KUALA LUMPUR, Oct 3 (Reuters) State-controlled Telekom Malaysia has spun off its sluggish fixed-line business, but may promise more than it can deliver to potential stakeholders such as Britain's Vodafone Group Plc .
Telekom says a number of foreign telecoms and private equity firms have courted it, keen to get into a business that has interests in mobile telecoms companies in nine Asian countries, including Sri Lanka, Indonesia, Cambodia, Singapore and India.
Under a recent demerger, Telekom's lacklustre fixed line and broadband businesses will be hived off, and the group's Asian mobile businesses will be listed in Malaysia as Telekom International.
But the makeover may flatter to deceive, as Telekom's interests in Asia's biggest overseas growth markets are already listed and available to buy -- from PT Excelcomindo Pratama in Jakarta, Spice Communications in Mumbai and Dialog Telekom in Sri Lanka.
''I'm not sure what's so exciting about Telekom International,'' said Chan Chee Kin, analyst at TA Securities.
''You can directly buy Spice, Dialog or Excelcomindo. It's all a big question mark for me.'' Telekom's investment bankers, CIMB and UBS , will need to show investors why it's worth buying into a government-controlled firm in which they will never own a majority. And even if they do buy, they will own shares in a currency that is not traded outside Malaysia.
In May, Malaysian tycoon Ananda Krishnan led a .7 billion buyout for the country's largest mobile firm, Maxis Communications . Industry watchers said Krishnan did not think the domestic market valued the company highly enough.
As far as potential Telekom suitors go, Vodafone, the world's No.2 mobile group, already has a branding deal with Telekom, making the step up to an equity deal a possibility.
Shares in Telekom jumped as much as 14 percent following the demerger news, partly on hopes that a big player may buy a stake and also because the spin-off means analysts can value the company without the cumbersome fixed-line business.
However, investors may recall an earlier foreign deal that went sour.
The Malaysian government ignored the objections of Deutsche Telekom AG , which owned 8 percent of local mobile company Celcom, when it took the unit private.
The German telecoms group took its case to the International Court of Arbitration, which ruled against the Malaysian firm. But it left a bitter taste for Deutsche and other foreign firms looking to invest in the country.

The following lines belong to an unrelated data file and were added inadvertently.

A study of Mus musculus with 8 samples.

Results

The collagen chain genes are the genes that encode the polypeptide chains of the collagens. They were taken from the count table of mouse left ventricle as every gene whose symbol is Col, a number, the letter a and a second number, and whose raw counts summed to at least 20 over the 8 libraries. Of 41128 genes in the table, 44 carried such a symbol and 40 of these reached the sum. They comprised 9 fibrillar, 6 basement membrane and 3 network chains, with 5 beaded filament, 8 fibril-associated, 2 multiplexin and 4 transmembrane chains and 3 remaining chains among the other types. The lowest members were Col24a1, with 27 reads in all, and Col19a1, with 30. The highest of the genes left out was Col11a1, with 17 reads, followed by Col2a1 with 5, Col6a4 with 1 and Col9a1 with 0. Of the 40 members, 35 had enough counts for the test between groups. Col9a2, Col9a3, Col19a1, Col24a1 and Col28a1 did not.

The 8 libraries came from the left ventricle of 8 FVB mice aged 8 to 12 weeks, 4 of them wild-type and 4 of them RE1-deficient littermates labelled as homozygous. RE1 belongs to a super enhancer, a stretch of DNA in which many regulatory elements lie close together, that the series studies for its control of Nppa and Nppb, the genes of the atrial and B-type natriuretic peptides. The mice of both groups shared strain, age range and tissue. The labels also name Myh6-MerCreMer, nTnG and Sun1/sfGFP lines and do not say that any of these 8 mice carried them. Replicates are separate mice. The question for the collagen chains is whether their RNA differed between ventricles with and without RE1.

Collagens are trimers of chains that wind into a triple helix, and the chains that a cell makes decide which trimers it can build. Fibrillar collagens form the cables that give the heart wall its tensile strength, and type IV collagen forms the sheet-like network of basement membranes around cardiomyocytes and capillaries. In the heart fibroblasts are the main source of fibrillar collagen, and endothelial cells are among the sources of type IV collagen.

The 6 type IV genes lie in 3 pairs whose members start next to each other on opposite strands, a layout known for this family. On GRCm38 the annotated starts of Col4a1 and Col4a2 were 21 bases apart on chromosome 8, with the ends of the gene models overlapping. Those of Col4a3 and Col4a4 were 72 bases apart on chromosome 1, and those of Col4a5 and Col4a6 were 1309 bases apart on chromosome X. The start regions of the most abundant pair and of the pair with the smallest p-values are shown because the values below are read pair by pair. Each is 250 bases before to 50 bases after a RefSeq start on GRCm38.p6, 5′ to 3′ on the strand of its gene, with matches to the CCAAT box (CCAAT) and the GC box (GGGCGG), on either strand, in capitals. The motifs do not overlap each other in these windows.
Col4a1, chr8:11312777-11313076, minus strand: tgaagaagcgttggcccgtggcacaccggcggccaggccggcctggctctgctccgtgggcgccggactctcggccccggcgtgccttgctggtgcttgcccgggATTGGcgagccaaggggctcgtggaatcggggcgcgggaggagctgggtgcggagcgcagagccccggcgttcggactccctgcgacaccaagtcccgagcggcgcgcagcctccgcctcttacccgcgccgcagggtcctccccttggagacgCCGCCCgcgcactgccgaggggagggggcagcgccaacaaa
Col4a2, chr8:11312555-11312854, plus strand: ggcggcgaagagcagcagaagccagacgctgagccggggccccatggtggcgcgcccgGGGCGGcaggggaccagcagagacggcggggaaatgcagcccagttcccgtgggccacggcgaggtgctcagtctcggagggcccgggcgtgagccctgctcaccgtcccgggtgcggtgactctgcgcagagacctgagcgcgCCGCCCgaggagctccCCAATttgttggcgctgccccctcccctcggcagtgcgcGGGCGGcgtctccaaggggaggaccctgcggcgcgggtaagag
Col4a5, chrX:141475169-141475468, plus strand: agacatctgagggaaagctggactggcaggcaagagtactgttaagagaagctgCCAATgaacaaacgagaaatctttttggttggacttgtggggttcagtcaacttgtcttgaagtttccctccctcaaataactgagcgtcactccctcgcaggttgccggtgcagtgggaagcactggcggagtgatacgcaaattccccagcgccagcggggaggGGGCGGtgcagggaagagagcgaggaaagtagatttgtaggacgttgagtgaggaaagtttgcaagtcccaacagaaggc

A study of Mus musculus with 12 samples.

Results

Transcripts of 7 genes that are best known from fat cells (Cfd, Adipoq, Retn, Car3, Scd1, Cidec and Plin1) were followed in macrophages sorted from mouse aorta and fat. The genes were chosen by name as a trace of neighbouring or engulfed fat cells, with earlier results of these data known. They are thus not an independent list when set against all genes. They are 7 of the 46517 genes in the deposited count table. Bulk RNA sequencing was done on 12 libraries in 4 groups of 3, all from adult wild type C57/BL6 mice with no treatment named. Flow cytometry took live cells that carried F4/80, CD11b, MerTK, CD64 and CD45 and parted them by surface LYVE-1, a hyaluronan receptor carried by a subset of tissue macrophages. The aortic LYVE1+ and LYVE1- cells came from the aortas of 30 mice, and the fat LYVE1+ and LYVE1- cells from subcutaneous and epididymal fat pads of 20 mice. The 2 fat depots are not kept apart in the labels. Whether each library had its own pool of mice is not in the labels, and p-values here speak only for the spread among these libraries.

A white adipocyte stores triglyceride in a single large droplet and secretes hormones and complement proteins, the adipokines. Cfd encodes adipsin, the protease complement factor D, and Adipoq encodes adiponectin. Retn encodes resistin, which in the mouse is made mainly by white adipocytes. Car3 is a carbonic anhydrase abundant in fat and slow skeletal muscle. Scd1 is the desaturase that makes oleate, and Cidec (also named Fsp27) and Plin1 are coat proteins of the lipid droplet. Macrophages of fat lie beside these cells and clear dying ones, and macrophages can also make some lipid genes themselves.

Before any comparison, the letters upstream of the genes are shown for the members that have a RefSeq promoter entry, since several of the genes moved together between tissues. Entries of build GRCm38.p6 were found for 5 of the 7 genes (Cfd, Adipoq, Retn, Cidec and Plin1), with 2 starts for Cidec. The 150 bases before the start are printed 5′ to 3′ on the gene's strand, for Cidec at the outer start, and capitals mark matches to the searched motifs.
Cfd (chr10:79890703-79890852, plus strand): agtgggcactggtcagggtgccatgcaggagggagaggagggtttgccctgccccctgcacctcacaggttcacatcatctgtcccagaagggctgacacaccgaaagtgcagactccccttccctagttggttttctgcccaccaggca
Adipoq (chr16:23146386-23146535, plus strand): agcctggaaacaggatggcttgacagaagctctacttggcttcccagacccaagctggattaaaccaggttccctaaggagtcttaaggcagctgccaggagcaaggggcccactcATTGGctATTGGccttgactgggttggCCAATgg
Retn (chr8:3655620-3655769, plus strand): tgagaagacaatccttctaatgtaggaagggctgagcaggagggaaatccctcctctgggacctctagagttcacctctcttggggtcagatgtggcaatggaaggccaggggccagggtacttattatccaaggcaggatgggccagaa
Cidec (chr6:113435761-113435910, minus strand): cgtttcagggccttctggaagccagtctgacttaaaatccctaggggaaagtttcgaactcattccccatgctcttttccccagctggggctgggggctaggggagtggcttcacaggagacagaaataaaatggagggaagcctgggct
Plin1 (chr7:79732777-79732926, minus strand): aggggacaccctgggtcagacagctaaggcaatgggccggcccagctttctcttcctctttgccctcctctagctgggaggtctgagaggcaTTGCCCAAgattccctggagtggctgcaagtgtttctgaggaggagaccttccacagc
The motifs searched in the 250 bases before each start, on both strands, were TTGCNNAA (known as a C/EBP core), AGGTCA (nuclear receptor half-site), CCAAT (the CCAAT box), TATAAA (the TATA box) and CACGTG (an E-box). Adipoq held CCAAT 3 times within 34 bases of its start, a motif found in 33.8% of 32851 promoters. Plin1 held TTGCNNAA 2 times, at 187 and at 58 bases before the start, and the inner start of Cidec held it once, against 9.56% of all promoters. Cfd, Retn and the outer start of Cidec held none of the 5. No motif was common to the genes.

STODGY FIXED LINE The prospects for the domestic fixed line and broadband company, for now, are limited to a 15.2 billion ringgit (.48 billion) government-awarded project to wire the nation's homes.
Citigroup analyst Karen Ang doesn't think this is enough.
''The concern is that the fixed line business could be an orphan stock,'' she said. ''FixedCo could derate further given it's a pure domestic fixed-line play with little to no growth prospects.'' Customers will pay for faster Internet connections, but will they stump up for a combined package of broadband, voice telephony and several dozen TV channels vaunted by the government, when content is still a fledgling concept? Other analysts were uninspired by the demerger.
''We are not impressed by the perceived value creation,'' said CLSA's Marcus Chan. ''The deal is a zero-sum game. Any valuation pick up from the higher growth mobile business will be mitigated by a corresponding decline in the fixed line business.'' So far this year Telekom is flat for the year, compared to a 22 percent gain for Singapore Telecommunications , Southeast Asia's largest telecoms company. Telekom trades on a multiple of around 16.7 times earnings, according to Reuters' data, just a shade below Singtel's.
''The problem with Telekom Malaysia, like a lot of government-owned companies, is that they say a lot but don't deliver,'' said Hong Kong-based Alan Richardson, who manages 0 million in Southeast Asian assets at Allianz Dresdner Asset Management.
''Everything is always 'buy on expectations', but time and time the expectation is not met. They are not really meeting consensus earnings expectations. For me as an investor, that's my KPI (key performance indicator)'' Richardson does not own Telekom shares.